During the next eight years, Ford will not only consolidate engine and body architectures, but also the line configuration to build them. Here's how. By Christopher A. Sawyer, Executive Editor, Automotive Design and Production.
What if every engine plant looked the same? What if the machines were flexible, from the same manufacturer, and placed in the same order around the building? What if all of the processes were the same? And what if you applied these same principles to your body and assembly operations, no matter whether the vehicles being built were unit body or body-on-frame, front-drive, rear-drive, or all-wheel-drive? What would you call such a thing? If you are Ford, you call it your "next generation flexible assembly process."
As Ford moves ahead with this program, a typical Ford powertrain facility will still have the capacity to build 650,000 engines, but now it will be spread over two lines, not one. When a new design is introduced, one line will continue to build the current design, while the other is reformatted (most of the changes are expected to be software modifications) to produce the new part. So launching a new engine, or a derivative of a current powerplant, won't require lots of downtime, lost capacity, or a non-standardized launch process.
This will be supported by a consolidation of global engine architectures. The modular engine family (4.6 L V8, 5.4 L V10) will be produced in two-valve, three-valve, and four-valve per cylinder variants, as well as single- and dual-sparkplug per cylinder versions for both car and truck applications. Ford's Global Inline 4-cylinder engine family, just launched in the Mazda 6, has 100 possible variations, and consolidates eight engine families into one. And the list goes on.
Says Kevin Bennett, director of Manufacturing Engineering, Ford Powertrain Operations, "Our engine plants will be able to support each other during the launch process through the cross-shipping of parts, and support the training process as each introduces improvements to the production process." On the cylinder head line in Ford's Windsor, Ontario, engine plant, for example, there are four modules with up to 48 Cross-Huller CNC machines in each doing "parallel processing" (parts are shuttled between one of six machines performing the same operation, which allows a machine to be taken out of service without adversely affecting uptime), and parts are untouched by human hands from the time they are loaded into the cell to the time the machining is completed.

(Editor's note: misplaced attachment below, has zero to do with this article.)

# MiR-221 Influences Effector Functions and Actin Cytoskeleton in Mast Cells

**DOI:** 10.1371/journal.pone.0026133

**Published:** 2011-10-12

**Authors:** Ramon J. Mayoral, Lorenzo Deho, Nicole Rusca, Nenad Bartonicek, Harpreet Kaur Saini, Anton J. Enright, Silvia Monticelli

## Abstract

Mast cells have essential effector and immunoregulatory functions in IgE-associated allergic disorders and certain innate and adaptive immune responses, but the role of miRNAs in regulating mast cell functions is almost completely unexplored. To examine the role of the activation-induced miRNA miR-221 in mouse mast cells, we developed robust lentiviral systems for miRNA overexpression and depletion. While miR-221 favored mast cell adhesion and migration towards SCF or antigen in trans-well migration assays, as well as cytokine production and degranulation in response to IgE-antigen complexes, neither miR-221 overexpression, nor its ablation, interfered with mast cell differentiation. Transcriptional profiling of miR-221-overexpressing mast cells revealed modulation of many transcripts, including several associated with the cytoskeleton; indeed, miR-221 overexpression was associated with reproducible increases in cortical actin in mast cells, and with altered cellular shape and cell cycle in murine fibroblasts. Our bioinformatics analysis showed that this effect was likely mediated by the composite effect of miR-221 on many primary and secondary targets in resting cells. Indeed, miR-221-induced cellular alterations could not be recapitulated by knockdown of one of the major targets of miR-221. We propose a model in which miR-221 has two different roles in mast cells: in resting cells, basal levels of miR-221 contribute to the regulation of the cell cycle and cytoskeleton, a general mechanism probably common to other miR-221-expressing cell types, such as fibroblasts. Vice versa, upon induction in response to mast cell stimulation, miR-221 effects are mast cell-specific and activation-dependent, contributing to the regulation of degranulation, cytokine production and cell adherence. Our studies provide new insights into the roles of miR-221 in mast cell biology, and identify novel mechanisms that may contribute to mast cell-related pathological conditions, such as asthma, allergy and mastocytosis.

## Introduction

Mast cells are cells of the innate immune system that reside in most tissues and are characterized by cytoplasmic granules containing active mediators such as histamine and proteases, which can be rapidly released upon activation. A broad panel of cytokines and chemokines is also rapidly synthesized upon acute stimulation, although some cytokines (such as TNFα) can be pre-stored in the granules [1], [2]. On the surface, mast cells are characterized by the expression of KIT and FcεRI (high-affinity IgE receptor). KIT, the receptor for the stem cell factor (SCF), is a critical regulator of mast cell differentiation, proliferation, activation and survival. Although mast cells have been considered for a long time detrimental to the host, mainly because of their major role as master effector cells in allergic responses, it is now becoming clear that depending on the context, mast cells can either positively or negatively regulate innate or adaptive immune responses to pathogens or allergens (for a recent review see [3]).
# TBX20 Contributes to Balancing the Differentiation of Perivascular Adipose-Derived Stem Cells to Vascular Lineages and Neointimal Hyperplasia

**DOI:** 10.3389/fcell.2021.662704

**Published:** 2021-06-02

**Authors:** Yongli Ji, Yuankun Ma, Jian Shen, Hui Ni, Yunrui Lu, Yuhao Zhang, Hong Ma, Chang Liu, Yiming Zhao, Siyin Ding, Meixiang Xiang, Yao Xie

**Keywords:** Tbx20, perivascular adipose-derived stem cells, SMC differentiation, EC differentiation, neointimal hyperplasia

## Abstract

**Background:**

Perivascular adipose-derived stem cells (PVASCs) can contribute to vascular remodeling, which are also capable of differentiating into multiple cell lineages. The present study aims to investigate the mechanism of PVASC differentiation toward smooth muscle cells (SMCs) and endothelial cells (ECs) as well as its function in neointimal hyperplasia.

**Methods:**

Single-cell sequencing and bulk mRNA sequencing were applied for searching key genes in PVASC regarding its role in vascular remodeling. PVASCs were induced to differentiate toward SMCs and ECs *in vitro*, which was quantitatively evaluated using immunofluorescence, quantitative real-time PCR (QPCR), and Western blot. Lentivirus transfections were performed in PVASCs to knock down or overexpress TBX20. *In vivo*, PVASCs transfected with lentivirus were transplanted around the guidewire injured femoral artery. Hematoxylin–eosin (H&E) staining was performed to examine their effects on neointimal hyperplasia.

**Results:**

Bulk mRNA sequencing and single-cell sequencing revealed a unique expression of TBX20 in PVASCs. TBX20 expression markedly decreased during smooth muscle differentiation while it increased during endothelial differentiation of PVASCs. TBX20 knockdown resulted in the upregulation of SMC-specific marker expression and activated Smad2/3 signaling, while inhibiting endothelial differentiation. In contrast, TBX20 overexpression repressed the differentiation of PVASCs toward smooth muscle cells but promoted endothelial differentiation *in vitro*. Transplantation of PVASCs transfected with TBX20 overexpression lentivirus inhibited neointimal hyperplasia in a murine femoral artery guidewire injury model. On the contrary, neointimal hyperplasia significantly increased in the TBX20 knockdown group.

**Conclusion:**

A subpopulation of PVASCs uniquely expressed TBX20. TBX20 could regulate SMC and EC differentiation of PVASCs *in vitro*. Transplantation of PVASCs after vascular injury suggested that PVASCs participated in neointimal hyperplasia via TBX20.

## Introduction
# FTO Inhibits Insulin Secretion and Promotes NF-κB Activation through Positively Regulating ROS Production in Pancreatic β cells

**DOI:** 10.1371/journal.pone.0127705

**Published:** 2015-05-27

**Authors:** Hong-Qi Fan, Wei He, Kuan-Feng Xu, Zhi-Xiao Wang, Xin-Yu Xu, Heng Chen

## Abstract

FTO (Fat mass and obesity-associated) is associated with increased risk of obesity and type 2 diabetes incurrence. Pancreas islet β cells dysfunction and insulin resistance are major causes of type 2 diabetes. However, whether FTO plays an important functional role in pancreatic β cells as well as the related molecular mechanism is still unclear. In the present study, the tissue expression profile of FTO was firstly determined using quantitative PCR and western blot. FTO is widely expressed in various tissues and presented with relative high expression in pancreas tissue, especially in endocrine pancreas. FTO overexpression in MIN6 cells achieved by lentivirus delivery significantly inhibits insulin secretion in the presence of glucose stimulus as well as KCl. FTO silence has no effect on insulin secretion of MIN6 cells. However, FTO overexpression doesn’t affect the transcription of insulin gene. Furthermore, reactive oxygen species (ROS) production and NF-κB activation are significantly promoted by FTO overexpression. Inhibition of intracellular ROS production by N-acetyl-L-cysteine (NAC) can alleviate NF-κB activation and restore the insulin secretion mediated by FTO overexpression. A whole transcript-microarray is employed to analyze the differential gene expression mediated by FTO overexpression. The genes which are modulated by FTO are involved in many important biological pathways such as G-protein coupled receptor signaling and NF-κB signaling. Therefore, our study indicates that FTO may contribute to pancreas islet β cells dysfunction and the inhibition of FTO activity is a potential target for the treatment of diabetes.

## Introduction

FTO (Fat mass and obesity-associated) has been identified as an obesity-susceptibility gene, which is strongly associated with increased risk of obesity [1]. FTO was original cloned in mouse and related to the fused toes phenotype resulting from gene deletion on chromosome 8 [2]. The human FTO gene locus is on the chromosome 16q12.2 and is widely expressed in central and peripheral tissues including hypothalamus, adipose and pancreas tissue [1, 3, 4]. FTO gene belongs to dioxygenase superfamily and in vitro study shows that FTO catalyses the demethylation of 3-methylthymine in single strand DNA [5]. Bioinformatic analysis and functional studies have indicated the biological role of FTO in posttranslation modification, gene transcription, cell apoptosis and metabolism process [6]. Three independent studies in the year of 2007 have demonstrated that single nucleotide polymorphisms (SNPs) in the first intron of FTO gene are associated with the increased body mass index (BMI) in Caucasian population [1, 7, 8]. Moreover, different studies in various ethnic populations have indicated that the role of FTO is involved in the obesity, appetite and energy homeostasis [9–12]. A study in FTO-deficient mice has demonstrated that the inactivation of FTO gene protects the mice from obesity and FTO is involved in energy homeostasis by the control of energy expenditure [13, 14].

When the Cleveland Engine Plant No. 1 comes on line in 2004, it will be Ford's first fully flexible engine plant. In addition to the equipment and procedures found on the Windsor head line, each block at the Cleveland plant will be loaded onto a pallet that can handle anything from an inline three-cylinder to a V12, and looks like a hobbyist's engine stand. All sides of the engine are accessible to the operator, and an adapter plate at the rear block face takes all of the clamping forces. This relieves the stress on the block during the machining and assembly processes.
promises to save up to $2.0 billion over
the next decade through common process,
procedures, layouts, and equipment.
And while the sheer variety of vehicles
have increased, it's not the first time
Ford has followed this path.
Production of the 2004 F-Series at the company's new Rouge assembly complex will kick-off Ford's flexible assembly process. By the end of the decade, the company expects 75% of its vehicle assembly operations to be changed over to the flexible process. In those plants, assembly areas will have the same footprint containing standardized modules built from a select group of common components. "The only things we will need to change to launch a new product," says Bill Russo, director, Advanced and Manufacturing Engineering, "will be product-specific tooling on the vertical trays, horizontal gates, or robot arms-and the software programming."
Each flexible assembly plant can produce two different platforms, each with four variations. So not only can Ford produce derivatives off a common platform (think Freestyle SUV and Five Hundred sedan), but derivatives off unique platforms. "We're not limited to having unit body vehicles in one plant, and body-on-frame in another," says Roman Krygier, group vice president, Ford Global Manufacturing and Quality. "In the same plant we will be able to run a unit body and its derivatives down one line, and a body-on-frame and its derivative down another, because we will have the same standardized modules and assembly sequence for each." The lines also can be adapted to handle any drive configuration available.
The assembly process is divided among 16 standardized modules, each with a specific function, and these are combined to create a sub-system. In this context, one cell may apply adhesives, two more would comprise different tool tray types, three others would handle all the welding, and the pallet cell would take the body from station to station. "In total," says Russo, "there are 300 components-standardized across all of our plants globally-that are needed to create the 16 cells, and these are combined to make up the entire body shop." The standardization also will extend to final assembly, as well as to the paint shops, where a wide variety of vehicle sizes will be accommodated. The savings from this new-found flexibility over the next decade are expected to be in the $1.5 to $2.0 billion range.